Perhaps the countdown retrieve is the most valuable still water technique. This retrieve purposefully presents your fly at the desired depth for the longest time. Fishing just above submerged weed beds is perhaps the most effective still water technique. To insure that your fly will be presented at the proper depth, match the fly line’s sinking rate to the depth of the submerged weed beds. This depth can be detected by probing a marked line and weight or by the use of video sonar. Sinking lines are available in the following densities: intermediate, 1, 2, 3, 4, 5, and 6. Each line sinks at a faster rate as its number increases. Sinking lines suspend themselves at an approximate depth. The following table provides the suspension depths.

Line Suspension Depth
Intermediate 0-5 ft.
1. slow 5-10 ft.
2. fast 8-20 ft.
3. hi-density 20-30 ft.
4. hi-speed 25-35 ft.
5. V 30-40 ft.
6. VI 35 ft.


In the countdown method the cast is completed and the line is pulled straight. Next, a timed count is made to allow the line to sink to the desired depth. It is an advantage to select a line that will suspend itself at the desired depth.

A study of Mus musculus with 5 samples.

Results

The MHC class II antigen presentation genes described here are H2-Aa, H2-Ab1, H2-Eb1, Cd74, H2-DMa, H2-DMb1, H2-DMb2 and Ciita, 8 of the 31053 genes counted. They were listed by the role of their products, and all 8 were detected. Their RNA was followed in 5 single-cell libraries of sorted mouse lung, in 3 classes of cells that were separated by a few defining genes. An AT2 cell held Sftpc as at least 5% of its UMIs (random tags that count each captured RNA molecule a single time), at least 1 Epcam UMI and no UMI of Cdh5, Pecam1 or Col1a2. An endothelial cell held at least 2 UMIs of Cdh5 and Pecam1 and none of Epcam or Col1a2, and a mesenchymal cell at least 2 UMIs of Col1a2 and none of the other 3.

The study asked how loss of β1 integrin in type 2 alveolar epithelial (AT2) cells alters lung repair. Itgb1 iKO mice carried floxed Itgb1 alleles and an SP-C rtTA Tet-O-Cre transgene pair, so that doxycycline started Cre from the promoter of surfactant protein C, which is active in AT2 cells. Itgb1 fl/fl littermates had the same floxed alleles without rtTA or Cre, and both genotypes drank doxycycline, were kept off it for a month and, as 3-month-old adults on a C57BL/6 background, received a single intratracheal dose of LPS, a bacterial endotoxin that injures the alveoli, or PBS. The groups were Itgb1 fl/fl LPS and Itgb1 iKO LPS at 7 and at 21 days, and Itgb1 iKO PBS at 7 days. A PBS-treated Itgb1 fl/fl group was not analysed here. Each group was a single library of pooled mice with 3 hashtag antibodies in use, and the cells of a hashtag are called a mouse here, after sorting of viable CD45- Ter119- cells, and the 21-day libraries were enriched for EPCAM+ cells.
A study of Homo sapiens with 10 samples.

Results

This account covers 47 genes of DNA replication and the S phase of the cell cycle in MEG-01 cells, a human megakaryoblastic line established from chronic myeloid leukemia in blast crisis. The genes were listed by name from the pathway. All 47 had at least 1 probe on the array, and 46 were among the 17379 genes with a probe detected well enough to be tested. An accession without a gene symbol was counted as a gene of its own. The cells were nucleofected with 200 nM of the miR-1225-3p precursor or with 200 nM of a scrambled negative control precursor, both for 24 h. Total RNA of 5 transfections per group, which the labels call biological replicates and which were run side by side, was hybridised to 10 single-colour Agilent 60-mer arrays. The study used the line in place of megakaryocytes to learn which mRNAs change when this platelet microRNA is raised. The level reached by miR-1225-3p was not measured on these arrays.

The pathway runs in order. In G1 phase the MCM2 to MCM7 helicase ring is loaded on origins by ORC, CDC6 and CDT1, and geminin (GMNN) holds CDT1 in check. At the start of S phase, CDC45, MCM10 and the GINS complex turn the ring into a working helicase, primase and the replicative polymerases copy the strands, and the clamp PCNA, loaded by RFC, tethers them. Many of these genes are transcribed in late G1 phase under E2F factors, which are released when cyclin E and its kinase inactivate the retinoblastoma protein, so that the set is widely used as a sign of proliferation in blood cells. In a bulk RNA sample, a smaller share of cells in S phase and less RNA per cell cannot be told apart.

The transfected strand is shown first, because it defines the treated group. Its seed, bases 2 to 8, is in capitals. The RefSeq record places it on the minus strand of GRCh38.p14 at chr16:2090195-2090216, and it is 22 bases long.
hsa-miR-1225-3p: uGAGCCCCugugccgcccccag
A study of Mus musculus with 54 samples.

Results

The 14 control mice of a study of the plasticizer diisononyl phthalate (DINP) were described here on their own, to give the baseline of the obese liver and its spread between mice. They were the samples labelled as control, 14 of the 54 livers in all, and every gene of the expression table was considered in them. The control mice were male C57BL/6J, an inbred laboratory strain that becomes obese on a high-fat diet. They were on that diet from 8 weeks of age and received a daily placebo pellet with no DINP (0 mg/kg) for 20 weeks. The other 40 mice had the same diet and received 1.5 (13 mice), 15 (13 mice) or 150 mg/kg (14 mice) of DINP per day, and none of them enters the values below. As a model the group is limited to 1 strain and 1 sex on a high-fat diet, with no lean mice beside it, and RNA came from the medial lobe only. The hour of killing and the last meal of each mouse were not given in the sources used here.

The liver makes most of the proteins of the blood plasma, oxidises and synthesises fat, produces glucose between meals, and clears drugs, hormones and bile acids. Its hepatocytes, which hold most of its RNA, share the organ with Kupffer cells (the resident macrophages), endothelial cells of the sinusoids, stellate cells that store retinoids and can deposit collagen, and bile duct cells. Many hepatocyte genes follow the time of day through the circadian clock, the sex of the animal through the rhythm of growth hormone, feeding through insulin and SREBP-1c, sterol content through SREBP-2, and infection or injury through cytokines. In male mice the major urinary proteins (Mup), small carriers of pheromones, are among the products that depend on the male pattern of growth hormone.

For example, a 12 ft. deep submerged weed bed is fished with a wet cell 2 sink rate line. In about 36 seconds the line sinks to about the 11 ft. depth; here it suspends itself by slowing its sinking rate. At this depth the line’s specific gravity approaches the water volume that it displaces. A timed count of 36 seconds is made and adjusted by trial and error until the line sinks to the desired depth. At first you may deliberately over count the sinking time, then attune the count until you no longer snag weeds. The same type 2 line used in a six-foot depth will continue to sink and have a tendency to hang up in the weeds. Here, in six-foot depths, a wet cell 1 line is an in-between choice because it starts suspending at the six-foot depth. Its slowed sinking rate allows a longer retrieve without hanging up on weeds. The best line choice is made

In lake fishing the line selection is more important than the fly selection

by selecting the slowest sink rate that will reach the desired depth. Success depends upon the line selection. Suspended flies at the fish’s depth can be fished for a greater distance and time. This simply boosts your odds of catching fish.

In lake fishing the line selection is more important than the fly selection. You must present your offering to the fish.